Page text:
India-China standoff: Rajnath Singh meets Chinese Defence Ministers in Moscow; Experts suggest India remains prepared


During the talks that began at around 9:30 pm IST on Friday in Moscow, defence Secretary Ajay Kumar and Indian ambassador to Russia DB Venkatesh Varma were also present.

India-China standoff, Rajnath Singh, Shanghai Cooperation Organisation, Shanghai Five, BRICS, Dr S Jaishankar,ajit dhoval, Chinese Government, PLA, latest news on rajnath singhRaksha Mantri Shri Rajnath Singh meeting with his Chinese counterpart General Wei Fenghe on the side-lines of the Joint Meeting of the Heads of Defence Ministers of Shanghai Cooperation Organisation (SCO),
Commonwealth of Independent States (CIS) and Collective Security Treaty Organisation (CSTO) members countries, in Moscow, on Friday, September 04, 2020.

Defence Minister Rajnath Singh met General Wei Fenghe in Moscow on the sidelines of the Shanghai Cooperation Organisation (SCO). The meeting lasted for approx two hours and twenty minutes, according to the Ministry of Defence. During the talks that began at around 9:30 pm IST on Friday in Moscow, defence Secretary Ajay Kumar and Indian ambassador to Russia DB Venkatesh Varma were also present. While welcoming the talks, experts opine that India needs to be on constant alert and be ready to face the possibility of the tensions escalating along the Line of Actual Control.

Experts’ Views

Sharing his views with Financial Express Online, Prof Rajan Kumar, School of International Studies, JNU says, “If one may recall, the Shanghai Five (the precursor of the SCO) was created in 1996 with the sole purpose of resolving border conflicts between China and Central Asian states. After the disintegration of the USSR, Central Asian states inherited borders which were poorly demarcated and disputed by one other. The SCO did a remarkable job in resolving the border issues between China and bordering states of Central Asia.”

“On Friday evening (India Time), Defence Minister Rajnath Singh and his Chinese counterpart Wei Fenghe met separately on the border issues in Moscow. Not directly a part of the SCO framework, it was on the “sidelines” of the meeting as reported in the media. The SCO and the BRICS avoid bilateral border issues to be discussed in their multilateral frameworks. India is also opposed to third-party intervention or mediation in its border conflicts with neighbours,” says Prof Rajan Kumar.

“The fact that the two ministers decided to meet on a highly sensitive issue should be considered an important development from an institutional perspective. It only raises the relevance of the SCO. A few other high-level meetings are in the offing, and one expects that the issue of the standoff would be resolved before the final Summit meeting of the BRICS in October. Inability to do so would put a serious question mark on the credibility of both the SCO and the BRICS,” he adds.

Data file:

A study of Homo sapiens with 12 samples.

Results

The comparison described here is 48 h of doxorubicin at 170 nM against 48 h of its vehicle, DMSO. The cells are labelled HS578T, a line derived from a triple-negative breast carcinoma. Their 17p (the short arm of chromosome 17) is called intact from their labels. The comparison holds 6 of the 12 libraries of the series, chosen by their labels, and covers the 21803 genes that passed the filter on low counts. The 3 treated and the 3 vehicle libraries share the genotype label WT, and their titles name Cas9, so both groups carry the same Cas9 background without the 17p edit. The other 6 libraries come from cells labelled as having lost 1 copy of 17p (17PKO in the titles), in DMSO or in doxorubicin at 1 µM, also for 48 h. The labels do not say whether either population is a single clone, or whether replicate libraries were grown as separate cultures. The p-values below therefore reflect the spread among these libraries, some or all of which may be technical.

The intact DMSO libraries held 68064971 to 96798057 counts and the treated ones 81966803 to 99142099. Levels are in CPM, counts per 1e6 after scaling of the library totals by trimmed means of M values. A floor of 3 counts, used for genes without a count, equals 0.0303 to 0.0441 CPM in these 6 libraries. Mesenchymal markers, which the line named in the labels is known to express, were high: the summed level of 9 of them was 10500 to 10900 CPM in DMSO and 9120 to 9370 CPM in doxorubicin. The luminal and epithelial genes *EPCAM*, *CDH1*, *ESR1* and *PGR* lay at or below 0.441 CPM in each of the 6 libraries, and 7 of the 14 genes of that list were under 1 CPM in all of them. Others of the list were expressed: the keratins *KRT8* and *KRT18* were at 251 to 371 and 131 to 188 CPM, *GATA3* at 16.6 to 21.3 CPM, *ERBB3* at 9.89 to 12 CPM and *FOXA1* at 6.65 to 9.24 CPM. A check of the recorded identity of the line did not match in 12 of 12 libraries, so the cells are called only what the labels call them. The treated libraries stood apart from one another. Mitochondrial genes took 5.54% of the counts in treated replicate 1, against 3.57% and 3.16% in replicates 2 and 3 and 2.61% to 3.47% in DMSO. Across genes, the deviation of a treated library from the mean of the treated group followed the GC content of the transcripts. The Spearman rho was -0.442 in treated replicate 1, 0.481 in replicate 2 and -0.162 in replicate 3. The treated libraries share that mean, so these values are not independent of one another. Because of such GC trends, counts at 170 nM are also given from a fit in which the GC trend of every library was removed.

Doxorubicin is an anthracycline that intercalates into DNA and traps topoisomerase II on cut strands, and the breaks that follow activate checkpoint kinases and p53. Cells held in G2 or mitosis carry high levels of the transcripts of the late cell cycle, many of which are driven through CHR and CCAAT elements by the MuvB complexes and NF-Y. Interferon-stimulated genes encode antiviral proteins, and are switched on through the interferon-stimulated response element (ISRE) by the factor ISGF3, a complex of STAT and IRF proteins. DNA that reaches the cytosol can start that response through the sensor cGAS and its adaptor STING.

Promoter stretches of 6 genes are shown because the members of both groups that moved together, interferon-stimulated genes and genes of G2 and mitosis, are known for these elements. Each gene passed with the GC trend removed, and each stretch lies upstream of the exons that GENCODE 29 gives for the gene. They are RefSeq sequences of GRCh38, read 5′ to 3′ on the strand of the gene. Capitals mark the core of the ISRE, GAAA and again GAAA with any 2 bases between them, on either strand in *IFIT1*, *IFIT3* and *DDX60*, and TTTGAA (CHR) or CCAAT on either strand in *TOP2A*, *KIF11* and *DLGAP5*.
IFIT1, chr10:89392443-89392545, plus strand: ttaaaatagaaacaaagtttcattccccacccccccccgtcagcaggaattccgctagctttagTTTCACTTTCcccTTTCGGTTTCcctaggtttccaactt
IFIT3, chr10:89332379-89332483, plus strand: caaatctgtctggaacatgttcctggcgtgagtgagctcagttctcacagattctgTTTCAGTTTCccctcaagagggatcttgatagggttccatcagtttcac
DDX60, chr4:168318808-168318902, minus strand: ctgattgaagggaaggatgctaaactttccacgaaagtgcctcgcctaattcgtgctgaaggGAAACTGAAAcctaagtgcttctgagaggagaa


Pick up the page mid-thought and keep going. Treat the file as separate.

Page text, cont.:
Neither India nor China can gain anything from an escalation of the conflict. If they could maintain tranquillity for the last four decades, they definitely know ways to do so in future.

In conclusion, Prof Rajan Kumar says, “Defence Minister Singh rightly emphasized India’s commitment to non-aggression, respect for international law and peaceful resolution of conflicts. His statements also underscored the value of the SCO in tackling the issue of terrorism, radicalism and instability in Afghanistan and Gulf states.

The SCO, despite all its limitations, is the only relevant security organisation which accommodates interests of the key players in Central Asia. Indian diplomacy has recognised this fact really well.”

According to Lt Col Manoj K Channan (Retd), this is the first meeting at the political level between the defence ministers. And, both sides have called for restraint and resolving the boundary issue by mutual discussions. Previously, there have been discussions at diplomatic levels between Dr S Jaishankar and Mr Ajit Doval with their respective Chinese counterparts.

The Chinese delegation as per media reports have put the responsibility for the current standoff on the Indian Government. “Not an inch of China’s territory should be lost. The Chinese military has the resolve, capability and confidence to safeguard national sovereignty and territorial integrity,” the Chinese defence minister has been quoted as saying.

It can be clearly assessed that the Chinese Government and PLA are not deviating from their plans to only project their point of view and are in a “monologue” mood and not a “dialogue”. While the Chinese Defence Minister has stated that face-to-face meetings will help resolve the border issues, yet it’s only a measure to buy time. The political and diplomatic parleys are on the expected lines, so is the action of the PLA along the Line of Actual Control.

Expecting too much from a one-off meeting would be foolhardy, this is a long haul and the Chinese actions and reactions have to be reviewed at the global level. Let’s wait and watch as the winters set in and the ability to sustain the harsh winter.